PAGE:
March 25, 2022
Despite the fact that research has shown that so-called gun "buybacks" have no effect on crime, the NFL's Denver Broncos just held their first such event and are planning another one each month through October.
According to a report at TheDenverChannel.com, the Broncos, with the help of the nonprofit anti-violence group RAWtools, took in some 189 firearms at their recent event. The guns will be melted down to make garden tools for community gardens.
Interestingly, both the Bronco and RAWtools were plenty proud of that “accomplishment.”
“A lot of the buyback reasons are related to the ability or access to safe storage, or they might have kids that are getting older and they feel more uncomfortable with a firearm in the house,” Mike Martin, founder of RAWtools, told TheDenverChannel.com, adding, “You’re taking something that brings harm to communities, and turning it into something that heals communities.”
There’s only one problem: Such “buybacks” are completely ineffective at reducing violent crime—the very thing that they are touted to do. And that fact has been proven over and over.
Before looking at that, however, let’s first dispense with the whole notion of “buybacks.” Since the government never owned the firearms they are attempting to take possession of in the first place, “compensated confiscation” is a much better term for these proposals. Of course, that doesn’t sound quite as good on the Broncos’ virtue signaling resumé as a gun “buyback.”
Now to the facts ignored by the Broncos and their partner in crime, RAWtools. A recently released study on the effectiveness of so-called gun “buybacks” reveals some important information that they probably aren’t going to want to hear.
A paper titled Have U.S. Gun Buybacks Misfired, authored by Toshio Ferrazares, Joseph J. Sabia and D. Mark Anderson, and published by the National Bureau of Economic Research, concluded that such “buybacks” have no measurable impact on reducing violent crime.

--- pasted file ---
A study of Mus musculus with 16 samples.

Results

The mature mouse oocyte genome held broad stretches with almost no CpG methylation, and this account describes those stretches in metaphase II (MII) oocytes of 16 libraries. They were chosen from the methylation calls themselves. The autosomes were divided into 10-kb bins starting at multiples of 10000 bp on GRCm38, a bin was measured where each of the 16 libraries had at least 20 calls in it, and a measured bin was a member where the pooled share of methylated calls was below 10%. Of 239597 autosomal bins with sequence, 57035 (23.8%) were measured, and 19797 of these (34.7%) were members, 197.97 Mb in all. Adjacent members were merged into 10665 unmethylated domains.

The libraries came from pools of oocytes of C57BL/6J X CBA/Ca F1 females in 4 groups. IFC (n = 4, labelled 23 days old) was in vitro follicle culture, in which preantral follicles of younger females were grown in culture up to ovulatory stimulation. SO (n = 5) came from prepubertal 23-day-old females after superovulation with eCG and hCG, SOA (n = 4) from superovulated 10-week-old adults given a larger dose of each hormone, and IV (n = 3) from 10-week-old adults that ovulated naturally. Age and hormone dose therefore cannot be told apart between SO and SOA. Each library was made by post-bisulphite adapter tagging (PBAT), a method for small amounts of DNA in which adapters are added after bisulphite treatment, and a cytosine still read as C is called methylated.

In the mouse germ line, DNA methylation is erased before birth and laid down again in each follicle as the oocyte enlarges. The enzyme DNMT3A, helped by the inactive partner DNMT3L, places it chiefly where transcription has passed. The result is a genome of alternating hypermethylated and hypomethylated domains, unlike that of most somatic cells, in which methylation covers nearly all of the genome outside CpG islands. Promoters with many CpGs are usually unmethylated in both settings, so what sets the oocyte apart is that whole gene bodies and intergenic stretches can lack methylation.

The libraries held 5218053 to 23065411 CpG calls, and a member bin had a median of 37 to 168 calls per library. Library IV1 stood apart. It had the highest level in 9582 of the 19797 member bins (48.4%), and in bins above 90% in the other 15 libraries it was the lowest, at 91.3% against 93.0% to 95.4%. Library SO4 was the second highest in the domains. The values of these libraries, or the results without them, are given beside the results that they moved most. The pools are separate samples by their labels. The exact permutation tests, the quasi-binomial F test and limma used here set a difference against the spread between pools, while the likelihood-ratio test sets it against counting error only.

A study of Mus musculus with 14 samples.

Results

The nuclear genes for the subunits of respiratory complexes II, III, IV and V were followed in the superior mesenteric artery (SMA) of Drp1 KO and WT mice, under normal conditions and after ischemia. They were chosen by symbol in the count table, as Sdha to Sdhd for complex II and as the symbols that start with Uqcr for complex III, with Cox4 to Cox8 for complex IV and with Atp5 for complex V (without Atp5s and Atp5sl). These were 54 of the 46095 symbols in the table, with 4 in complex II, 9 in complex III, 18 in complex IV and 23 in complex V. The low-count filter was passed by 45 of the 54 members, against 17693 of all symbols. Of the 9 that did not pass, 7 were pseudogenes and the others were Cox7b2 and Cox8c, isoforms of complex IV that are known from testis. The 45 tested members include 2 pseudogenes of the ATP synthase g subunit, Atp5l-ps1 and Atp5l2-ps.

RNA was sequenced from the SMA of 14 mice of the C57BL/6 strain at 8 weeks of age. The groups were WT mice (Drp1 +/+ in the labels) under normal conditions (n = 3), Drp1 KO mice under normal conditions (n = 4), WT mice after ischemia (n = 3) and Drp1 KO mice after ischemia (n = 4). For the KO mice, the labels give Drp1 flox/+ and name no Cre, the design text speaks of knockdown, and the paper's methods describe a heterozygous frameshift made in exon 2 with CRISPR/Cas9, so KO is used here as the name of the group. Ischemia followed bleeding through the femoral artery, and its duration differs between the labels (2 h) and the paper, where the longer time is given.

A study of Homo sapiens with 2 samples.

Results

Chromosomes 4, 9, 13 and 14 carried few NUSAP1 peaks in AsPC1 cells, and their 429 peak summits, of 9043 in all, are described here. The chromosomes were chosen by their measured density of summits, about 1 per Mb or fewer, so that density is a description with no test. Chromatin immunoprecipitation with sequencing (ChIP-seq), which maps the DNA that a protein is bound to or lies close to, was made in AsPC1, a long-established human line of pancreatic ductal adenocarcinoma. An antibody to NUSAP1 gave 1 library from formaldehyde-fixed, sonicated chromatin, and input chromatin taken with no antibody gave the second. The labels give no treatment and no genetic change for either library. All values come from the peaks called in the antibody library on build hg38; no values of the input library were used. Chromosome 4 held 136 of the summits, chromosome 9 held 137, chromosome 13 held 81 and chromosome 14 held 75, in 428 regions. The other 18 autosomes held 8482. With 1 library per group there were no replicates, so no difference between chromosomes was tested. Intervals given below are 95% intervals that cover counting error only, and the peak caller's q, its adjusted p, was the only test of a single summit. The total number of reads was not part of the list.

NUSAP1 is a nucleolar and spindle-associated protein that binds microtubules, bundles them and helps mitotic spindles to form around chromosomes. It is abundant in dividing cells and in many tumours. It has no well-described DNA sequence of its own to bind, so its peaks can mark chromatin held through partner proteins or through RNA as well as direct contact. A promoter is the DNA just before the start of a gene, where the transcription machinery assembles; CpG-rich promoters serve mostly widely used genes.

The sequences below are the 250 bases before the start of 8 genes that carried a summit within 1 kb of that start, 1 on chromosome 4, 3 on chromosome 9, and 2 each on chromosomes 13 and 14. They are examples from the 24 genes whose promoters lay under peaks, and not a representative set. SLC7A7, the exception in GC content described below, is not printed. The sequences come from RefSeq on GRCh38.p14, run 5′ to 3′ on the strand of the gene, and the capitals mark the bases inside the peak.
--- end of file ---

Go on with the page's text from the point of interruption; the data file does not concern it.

“Gun buyback programs (GBPs), which use public funds to purchase civilians' privately-owned firearms, aim to reduce gun violence,” reads the paper’s abstract. “However, little is known about their effects on firearm-related crime or deaths. Using data from the National Incident Based Reporting System, we find no evidence that GBPs reduce gun crime.”
That said, the abstract continued even further with additional information that should put an end to the fallacy of such shenanigans once and for all.
“Given our estimated null findings, with 95 percent confidence, we can rule out decreases in firearm-related crime of greater than 1.3 percent during the year following a buyback,” the abstract concluded. “Using data from the National Vital Statistics System, we also find no evidence that GBPs reduce suicides or homicides where a firearm was involved.”
Deep within the analysis of the research are some other pretty interesting facts the trio discovered.
“GBPs may fail to reduce gun violence for a number of reasons,” the researchers wrote. “First, if the price city governments are willing to pay gun owners is less than the value of the firearm for most sellers, a relatively small number of firearms may be collected. Second, if criminals believe law-abiding citizens (and potential victims) are relinquishing their firearms, then they may be more willing to commit gun crimes following a GBP.”
Of course, rather than researching the effectiveness of so-called “buybacks,” the writer from thedenverchannel.com took it on himself to juxtapose the number of guns taken in by the “buyback” with gun sales the past few years—as if legal gun buyers going through a background check to purchase a firearm pose some sort of instant threat that would require a “buyback.”
“While nearly 200 guns were bought back at the event, it is a drop in the bucket compared to rising gun sales in Colorado,” story author Rob Harris wrote. “More than 443,000 instant background checks were performed for sales in 2021, according to the Colorado Bureau of Investigation. That is slightly lower than the more than 487,097 performed in 2020, but is still much higher than the 335,370 performed in 2019. That constitutes a 45% [increase] from 2019 to 2020.”
Interestingly, over the last several years, Denver has been known for violence among its players, staying near the top in the NFL for players arrested for crimes more serious than simple traffic violations. According to the NFL Player Arrest Database, 54 Denver players have been arrested for such crimes since 2000. More than 20 of those arrests were for assault or domestic violence.
Perhaps rather than host ineffective gun “buybacks,” the Broncos could better curb violent crime by more closely policing their own ranks.
Freelance writer and editor Mark Chesnut is the owner/editorial director at Red Setter Communications LLC. An avid hunter, shooter and political observer, he has been covering Second Amendment issues and politics on a near-daily basis for more than 20 years.